Hyzon Motors to establish hydrogen truck depot in Australia

Hyzon Motors to establish hydrogen truck depot in Australia


The American company is working with an Australian heavy-duty commercial fleet operator.

US hydrogen truck maker Hyzon Motors has announced its intentions to build a green H2 depot in Australia.

Hyzon explained that it will be working with the largest Australian towing company to ramp up demand.

The partnership is meant to help to build demand for hydrogen trucks. The anticipated cost of the refueling depot is USD$11 million (AUD$15 million). It is one segment of a broader USD$37 million (AUD$50 million) project between Hyzon Motors and the Nationwide Group towing company. The project also includes an assembly plant.

Hyzon’s goal with the project is to be able to assemble 1,000 vehicles per year at the Australian location by 2026.

Hydrogen truck - row of trucks

“We have identified tens of thousands of heavy vehicles that can be transitioned to hydrogen in Australia in the coming years to not only improve our carbon footprint and local air quality but to provide absolute fuel security and long-term stable cost structures for fleet operators,” said Craig Knight, Hyzon CEO when discussing the project in Melbourne.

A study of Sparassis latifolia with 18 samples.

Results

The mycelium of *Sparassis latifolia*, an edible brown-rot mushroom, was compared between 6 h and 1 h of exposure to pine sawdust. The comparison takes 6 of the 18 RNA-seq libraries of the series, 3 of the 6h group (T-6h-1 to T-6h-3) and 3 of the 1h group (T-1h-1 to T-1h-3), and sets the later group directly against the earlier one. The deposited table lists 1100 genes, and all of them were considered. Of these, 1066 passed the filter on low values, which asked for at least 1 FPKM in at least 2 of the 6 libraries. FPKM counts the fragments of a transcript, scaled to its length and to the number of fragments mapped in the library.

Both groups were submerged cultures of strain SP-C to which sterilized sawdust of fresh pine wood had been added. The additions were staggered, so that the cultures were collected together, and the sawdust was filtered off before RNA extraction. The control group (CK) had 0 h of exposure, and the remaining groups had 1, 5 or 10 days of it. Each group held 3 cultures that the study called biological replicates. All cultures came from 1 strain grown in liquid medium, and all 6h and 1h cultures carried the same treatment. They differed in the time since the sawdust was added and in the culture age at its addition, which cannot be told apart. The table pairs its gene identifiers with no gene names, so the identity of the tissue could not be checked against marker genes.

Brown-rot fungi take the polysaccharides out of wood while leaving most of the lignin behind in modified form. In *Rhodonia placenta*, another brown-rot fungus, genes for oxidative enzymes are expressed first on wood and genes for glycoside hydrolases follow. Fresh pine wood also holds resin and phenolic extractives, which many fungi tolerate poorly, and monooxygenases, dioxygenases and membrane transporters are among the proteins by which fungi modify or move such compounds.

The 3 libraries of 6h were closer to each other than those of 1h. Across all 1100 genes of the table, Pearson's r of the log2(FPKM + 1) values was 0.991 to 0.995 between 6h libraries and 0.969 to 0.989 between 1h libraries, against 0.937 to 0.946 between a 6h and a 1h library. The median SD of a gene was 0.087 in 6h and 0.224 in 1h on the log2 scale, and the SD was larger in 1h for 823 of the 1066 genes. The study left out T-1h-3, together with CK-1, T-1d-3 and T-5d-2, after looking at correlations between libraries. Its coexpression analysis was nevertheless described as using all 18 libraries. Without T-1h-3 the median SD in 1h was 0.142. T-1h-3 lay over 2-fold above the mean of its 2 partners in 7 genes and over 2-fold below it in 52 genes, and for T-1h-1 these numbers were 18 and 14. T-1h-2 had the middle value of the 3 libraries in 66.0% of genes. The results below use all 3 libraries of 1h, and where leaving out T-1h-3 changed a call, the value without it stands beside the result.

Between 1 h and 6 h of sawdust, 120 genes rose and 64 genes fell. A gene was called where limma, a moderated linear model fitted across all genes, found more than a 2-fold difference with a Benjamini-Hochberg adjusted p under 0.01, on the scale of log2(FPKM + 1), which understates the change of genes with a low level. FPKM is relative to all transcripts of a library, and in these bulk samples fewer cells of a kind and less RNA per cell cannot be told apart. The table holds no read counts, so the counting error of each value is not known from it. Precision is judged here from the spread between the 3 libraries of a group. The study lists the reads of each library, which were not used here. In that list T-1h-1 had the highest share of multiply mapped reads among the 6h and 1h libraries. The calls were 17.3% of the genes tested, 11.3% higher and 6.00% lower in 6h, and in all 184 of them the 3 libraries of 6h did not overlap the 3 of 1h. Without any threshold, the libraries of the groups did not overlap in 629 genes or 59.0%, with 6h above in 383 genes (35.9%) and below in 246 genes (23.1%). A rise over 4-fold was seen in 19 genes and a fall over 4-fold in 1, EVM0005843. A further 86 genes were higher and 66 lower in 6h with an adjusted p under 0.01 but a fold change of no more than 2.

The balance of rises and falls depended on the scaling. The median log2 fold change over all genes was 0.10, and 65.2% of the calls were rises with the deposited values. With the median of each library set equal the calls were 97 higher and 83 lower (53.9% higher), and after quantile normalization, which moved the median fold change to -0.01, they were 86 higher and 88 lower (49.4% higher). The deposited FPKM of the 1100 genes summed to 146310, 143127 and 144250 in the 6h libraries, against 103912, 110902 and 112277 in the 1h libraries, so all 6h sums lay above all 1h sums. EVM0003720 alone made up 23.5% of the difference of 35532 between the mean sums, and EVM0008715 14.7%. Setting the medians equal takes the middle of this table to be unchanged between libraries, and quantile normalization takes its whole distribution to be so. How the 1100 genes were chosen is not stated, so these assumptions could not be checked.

The tow trucks and heavy-duty hydrogen truck models ordered by Nationwide are expected next year.

Nationwide has already ordered three towing fuel cell trucks as well as one heavy-duty vehicle, all of which are slated for delivery early in 2023.

Already delivered to the site at the time of the announcement were 10 fuel cell buses that were headed for delivery to Western Australia, where they will go to Fortescue Metals Group’s Chichester Creek iron ore mine.

Both Hyzon and Fortescue are working with heavy-duty commercial fleet operators that use vehicles that always return to their own base where there is central site refueling. This is an important strategy at the moment for the adoption of fuel cell vehicles as the on-road refueling infrastructure has yet to be deployed in the country.

“It’s not challenging. You only need to get to A$6 or A$7 a kilogram on hydrogen to have a cost structure that’s very competitive with diesel,” said Knight as quoted in a recent Reuters report about the hydrogen truck depot. “You don’t need to be at these fairy tale prices of $1 or $2,” he added in reference to the price parity goal policymakers have recently cited.